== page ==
How To Get Your Finances Under Control – Step 5 Establish an Emergency Fund
Proverbs 27:12 – A prudent person foresees the danger ahead and takes precautions.
The simpleton goes blindly on and suffers the consequences.
This is part of the series How to Get Your Finances Under Control
Now that we have a budget in place, we need to start an emergency fund. Following a budget and having an emergency fund in place are the two most critical steps in getting your finances under control.
An emergency fund is the fund you will use to handle emergency or unplanned expenses. In step 4, we established a zero based budget, in that our income minus expenses equaled zero. Or in other words, every incoming dollar had an expense line item in the budget. Also remember, we did our budget on paper prior to the actual budget month. So how do you handle unplanned expenses such as the car breaking down, the dish washer breaking or the hot water heater unexpectedly going out? How do you handle your 10 year old coming home from school and asking for $20 to go on that field trip tomorrow that you didn’t budget for? The answer is the emergency fund.
If you’re like I used to be, whenever something like this happened, we used our credit card. An emergency fund allows you to fund these unexpected items without using a credit card.
Start out with an initial emergency fund of around $1000. There is no correct number here, as the amount needed will be driven by things such as how old your cars are, how many children you have, etc. I keep about $1500 as that is a number that makes me feel comfortable. Remember, we have 6 kids so our emergencies are sometimes a little more expensive. I wouldn’t go below $500, and more than $2000 is too much.
At this point many of you are asking, too much? I’ll explain later in this series, but part of getting your finances under control is going to be getting rid of your credit cards. For now though, just hang in there…I promise I’ll explain.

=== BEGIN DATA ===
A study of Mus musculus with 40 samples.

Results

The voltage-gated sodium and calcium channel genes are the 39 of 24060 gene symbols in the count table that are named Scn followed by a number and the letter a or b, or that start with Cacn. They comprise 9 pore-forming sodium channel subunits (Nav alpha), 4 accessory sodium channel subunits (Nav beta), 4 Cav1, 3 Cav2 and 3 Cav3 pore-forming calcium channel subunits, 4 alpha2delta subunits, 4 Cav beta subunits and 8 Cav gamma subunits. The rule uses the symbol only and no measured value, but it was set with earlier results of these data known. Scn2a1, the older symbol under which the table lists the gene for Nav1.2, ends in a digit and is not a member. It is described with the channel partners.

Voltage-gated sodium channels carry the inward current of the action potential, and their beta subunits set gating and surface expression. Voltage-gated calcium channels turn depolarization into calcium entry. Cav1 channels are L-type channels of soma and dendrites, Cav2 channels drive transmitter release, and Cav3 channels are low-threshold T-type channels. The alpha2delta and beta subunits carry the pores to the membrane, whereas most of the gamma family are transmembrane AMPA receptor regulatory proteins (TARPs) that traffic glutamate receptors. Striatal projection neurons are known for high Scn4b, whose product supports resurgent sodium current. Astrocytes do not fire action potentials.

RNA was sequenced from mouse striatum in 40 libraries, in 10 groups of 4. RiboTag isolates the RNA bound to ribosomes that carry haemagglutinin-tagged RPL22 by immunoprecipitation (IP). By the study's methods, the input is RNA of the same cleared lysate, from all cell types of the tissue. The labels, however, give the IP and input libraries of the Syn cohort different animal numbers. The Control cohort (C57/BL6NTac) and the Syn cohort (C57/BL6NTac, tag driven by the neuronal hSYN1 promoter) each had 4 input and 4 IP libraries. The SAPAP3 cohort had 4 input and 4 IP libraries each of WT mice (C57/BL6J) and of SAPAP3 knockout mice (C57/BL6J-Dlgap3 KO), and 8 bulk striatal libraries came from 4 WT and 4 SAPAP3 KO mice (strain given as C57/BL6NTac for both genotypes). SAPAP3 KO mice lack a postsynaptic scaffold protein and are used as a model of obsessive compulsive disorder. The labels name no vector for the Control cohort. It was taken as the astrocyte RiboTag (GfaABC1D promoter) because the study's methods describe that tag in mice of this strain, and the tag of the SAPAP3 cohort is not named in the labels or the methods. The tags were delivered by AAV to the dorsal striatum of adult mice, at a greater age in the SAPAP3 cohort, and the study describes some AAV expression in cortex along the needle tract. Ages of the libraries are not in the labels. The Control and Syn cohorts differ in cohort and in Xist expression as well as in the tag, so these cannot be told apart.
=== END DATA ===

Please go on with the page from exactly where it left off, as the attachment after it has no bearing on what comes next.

If you have you emergency fund already, great, if not start aggressively saving one today. We want to establish this emergency fund as quickly as possible.
Dave Ramsey in his Total Money Makeover Book recommends $1000 dollars initially as part of Baby Step #1 and then once you’re debt free, bump it to 3-6 months worth of expenses.
Your emergency fund should initially be kept in a separate account and not with your spending money. This reduces the temptation of spending it. I actually keep mine in two separate accounts. Half in a CapitalOne High Yield Money Market account and the other half in an INGDirect savings account. With the CapitalOne account, I have check writing privileges. This is very convenient when you have an emergency that you have to pay for now. Transferring your money from your INGDirect takes about 3 days. For an emergency fund, that is a too long for me. Both of these are high interest bearing accounts and both banks have great online banking and customer service. If you are interested in an INGDirect savings account, contact me, and I will send you a referral. You’ll get $25 and I’ll get $10 when you sign up.
It doesn’t matter where you store your emergency fund. Remember it’s not an investment, so you want it to be liquid and relatively easy to get to, but not too easy.
Defining what constitutes an emergency. I would recommend writing it down. For us it is simply any unplanned expense that can’t wait until the next budget month to address. If you don’t define what an emergency is and agree on it with your spouse, things like big screen TVs, iPhones, that cool new widget, etc will become emergencies.
A couple of months ago, I took my car (a 2001 Nissan Sentra) in for an oil change. Turns out, two of the tires where wore through to the steel and my front brake pads where worn to the metal. So a free oil change turned into a $600 expense. Was I happy, of course not, but I wasn’t worried. We used our emergency fund to pay for it. There was something really awesome about driving away from the dealership with new brakes and tires that I payed cash for. I didn’t go further into debt, it was a great feeling.
Life throws you curve balls everyday, sometimes they are little inconvenient ones and sometimes they are really expense and inconvenient ones. The emergency fund allows you to deal with these unexpected expenses without going further into debt and without blowing your budget.
For those of you who already have emergency funds, where do you have yours? How much of an emergency fund do you have and why that amount?